Meme-Inspired Dogecoin Cryptocurrency Surges After Wall Street’s Week Of Shame

Meme-Inspired Dogecoin Cryptocurrency Surges After Wall Street’s Week Of Shame

After just the first month, 2021 has already been defined by politically inspired riots, revolts against the so-called elite hedge-fund class, and an increasingly influential meme culture driven by a population largely stuck at home over the last year during government lockdowns. There probably isn’t a phenomenon more symbolic of the year so far than people getting rich (or losing their shirts) off Dogecoin, a digital asset that began as a joke based on the popular “doge” meme featuring a Shiba Inu pup, that skyrocketed in value this week.

Dogecoin soared after Reddit users promoted it on the heels of GameStop’s incredible rally; at one point the virtual currency was up by over 600 percent and currently has a market cap of over $6 billion. As of this writing, one dogecoin is worth nearly 5 cents, which marks a dramatic jump from just one week ago when each coin sold for about .008 cents. The coins reached 7 cents at the cryptocurrency’s peak Thursday evening.

The cryptocurrency’s rise is the latest twist in the retail investment rebellion that’s caused shockwaves around the nation this week. Interestingly, the movement that fueled Dogecoin’s rise has also created a new spirit of unity among right- and left-wing voters after the deep divisions that followed November’s presidential election. Sen. Ted Cruz, R-Texas, and Rep. Alexandria Ocasio-Cortez, D-N.Y. — normally ardent political foes — both agree it was “unacceptable” for the Robinhood trading app to block retail investors from buying GameStop shares, after Reddit users played hedge funds for billions when they drove GameStop’s share price from about 20 bucks on Jan. 12 to $347 on Jan. 27.

After Robinhood effectively crashed the price of GameStop by preventing trades, Redditors moved on to Dogecoin. Users on the Reddit forum r/SatoshiStreetBets, named after the supposed inventor of Bitcoin, Satoshi Nakamoto, began hyping the cryptocurrency mid-week with the goal of sending its value “to the moon.”

Software engineers Billy Markus and Jackson Palmer invented Dogecoin in 2013, based on Bitcoin and the doge meme. Unlike bitcoin, there is no implemented cap on the total supply of dogecoins. Initially, the cryptocurrency had a supply limit of 100 billion coins, but in 2014, Palmer announced the limit would be removed. After the initial 100 billion coins were mined by mid-2015, an additional 5 billion coins were put into circulation each following year. Ultimately, the ever-increasing supply of dogecoin could make it a less desirable asset for crypto investors in the long term.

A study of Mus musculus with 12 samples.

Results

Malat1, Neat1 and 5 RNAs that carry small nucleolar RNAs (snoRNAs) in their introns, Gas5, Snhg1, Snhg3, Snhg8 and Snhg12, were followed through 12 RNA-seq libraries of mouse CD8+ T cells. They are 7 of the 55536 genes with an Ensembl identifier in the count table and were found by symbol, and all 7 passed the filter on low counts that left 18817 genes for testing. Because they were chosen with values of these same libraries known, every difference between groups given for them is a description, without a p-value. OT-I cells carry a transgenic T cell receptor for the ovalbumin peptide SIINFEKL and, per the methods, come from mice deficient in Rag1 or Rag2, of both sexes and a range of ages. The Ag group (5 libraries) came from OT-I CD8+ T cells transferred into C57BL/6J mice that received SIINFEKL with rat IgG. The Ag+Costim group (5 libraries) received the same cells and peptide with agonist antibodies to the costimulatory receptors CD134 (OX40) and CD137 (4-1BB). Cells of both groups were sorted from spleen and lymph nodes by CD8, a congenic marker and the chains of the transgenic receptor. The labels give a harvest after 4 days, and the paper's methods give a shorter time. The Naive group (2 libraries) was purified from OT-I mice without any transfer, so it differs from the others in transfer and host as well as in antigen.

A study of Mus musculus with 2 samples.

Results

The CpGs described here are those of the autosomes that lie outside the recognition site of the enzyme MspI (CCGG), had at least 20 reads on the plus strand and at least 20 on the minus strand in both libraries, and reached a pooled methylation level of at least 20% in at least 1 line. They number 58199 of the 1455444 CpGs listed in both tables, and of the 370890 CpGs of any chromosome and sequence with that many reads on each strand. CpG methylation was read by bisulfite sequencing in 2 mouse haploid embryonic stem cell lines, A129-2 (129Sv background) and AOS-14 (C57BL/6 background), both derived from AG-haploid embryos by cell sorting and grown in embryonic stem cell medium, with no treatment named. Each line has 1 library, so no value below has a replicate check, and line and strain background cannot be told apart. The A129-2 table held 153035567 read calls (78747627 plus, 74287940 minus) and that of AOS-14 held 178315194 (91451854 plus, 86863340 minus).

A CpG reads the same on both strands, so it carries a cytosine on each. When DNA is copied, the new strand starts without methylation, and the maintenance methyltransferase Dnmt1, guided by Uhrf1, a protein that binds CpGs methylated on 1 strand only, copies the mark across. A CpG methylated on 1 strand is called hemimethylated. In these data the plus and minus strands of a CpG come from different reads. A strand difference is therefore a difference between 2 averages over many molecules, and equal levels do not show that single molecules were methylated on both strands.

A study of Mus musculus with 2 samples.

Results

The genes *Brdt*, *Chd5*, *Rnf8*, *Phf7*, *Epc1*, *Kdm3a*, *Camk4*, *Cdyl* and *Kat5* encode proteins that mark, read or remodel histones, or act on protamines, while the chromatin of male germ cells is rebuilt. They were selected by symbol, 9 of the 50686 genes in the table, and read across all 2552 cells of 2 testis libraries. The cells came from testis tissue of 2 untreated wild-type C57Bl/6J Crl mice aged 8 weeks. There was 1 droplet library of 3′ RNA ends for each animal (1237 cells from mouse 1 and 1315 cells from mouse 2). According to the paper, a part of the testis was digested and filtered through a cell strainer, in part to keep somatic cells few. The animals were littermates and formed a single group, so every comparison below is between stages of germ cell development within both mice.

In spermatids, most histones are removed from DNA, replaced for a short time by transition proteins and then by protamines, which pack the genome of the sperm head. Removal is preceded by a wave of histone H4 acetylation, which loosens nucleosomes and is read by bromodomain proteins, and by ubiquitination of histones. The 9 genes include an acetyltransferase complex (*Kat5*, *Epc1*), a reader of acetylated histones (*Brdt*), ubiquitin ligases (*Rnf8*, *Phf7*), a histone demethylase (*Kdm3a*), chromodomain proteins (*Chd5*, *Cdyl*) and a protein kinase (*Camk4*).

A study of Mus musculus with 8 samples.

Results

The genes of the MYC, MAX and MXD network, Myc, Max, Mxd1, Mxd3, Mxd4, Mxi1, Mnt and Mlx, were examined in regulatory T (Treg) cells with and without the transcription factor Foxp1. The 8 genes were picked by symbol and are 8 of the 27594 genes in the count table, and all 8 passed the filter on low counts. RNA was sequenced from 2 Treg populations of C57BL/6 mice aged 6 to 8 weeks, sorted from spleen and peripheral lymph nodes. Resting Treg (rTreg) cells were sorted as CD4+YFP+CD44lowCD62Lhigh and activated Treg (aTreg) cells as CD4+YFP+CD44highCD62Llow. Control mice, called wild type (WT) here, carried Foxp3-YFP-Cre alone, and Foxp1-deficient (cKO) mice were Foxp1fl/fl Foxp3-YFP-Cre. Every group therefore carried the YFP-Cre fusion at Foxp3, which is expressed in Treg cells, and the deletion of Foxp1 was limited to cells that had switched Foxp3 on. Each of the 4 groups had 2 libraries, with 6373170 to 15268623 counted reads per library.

Dogecoin can currently be purchased on several exchanges including Binance and Robinhood, which came under even more fire for restricting crypto trades later in the week. Just as Dogecoin’s price was taking off, Robinhood users began noticing instant deposits to purchase cryptocurrencies were not working.

“Due to extraordinary market conditions, we’ve temporarily turned off Instant buying power for crypto,” a spokesman for the trading platform said in a statement to CNBC. “Customers can still use settled funds to buy crypto. We’ll keep monitoring market conditions and communicating with our customers.”

Even in spite of Robinhood’s crackdown measures, however, Dogecoin is still going strong. Its most dramatic rally occurred after Tesla CEO Elon Musk tweeted a fake magazine cover called “Dogue,” an obvious reference to the currency.

Musk’s tweet caused Dogecoin to become the most-mentioned cryptocurrency on Twitter ever. Followers of the Tesla CEO might have noticed this wasn’t the first time he has referenced Dogecoin. In December, he tweeted, “One word: Doge.” Musk, seemingly a fan of cryptocurrencies, changed his Twitter bio on Friday morning to “#bitcoin,” which caused the cryptocurrency to soar to $35,000.

Demand for cryptocurrencies has spiked over the last several months, as fears of inflation mount. A Democrat-controlled House, Senate, and White House are likely to show no fiscal restraint and have signaled they are ready to enact drastic spending measures that could threaten the value of the dollar. President Joe Biden has already proposed a nearly $2 trillion “economic rescue package” that would include sweeping blue-state bailouts, more unemployment benefits, and large checks for all Americans. The bill would presumably be funded by a combination of tax revenue, borrowing, and money printing.

Cryptocurrencies such as Bitcoin, Ethereum, and, yes, Dogecoin provide a hedge against inflation. But they aren’t without their own risks. Federal regulation could pose a massive threat to this asset class. Treasury Secretary Janet Yellen has already made statements indicating that the Biden administration will aim to regulate cryptocurrencies — all it would take is one crushing regulation to make these offerings crash.

But for now, those worried about loose monetary policy adopted by central banks, Redditors angry at hedge funds, and retail investors looking to get rich are all jumping into the crypto game, hoping the value of their coins rockets “to the moon.”

Kristin Tate is an author and columnist focused on taxation and government spending. Her latest book, "The Liberal Invasion of Red State America," will be published by Regnery Publishing in 2020. She is a Robert Novak Journalism Fellow and an analyst for Young Americans for Liberty.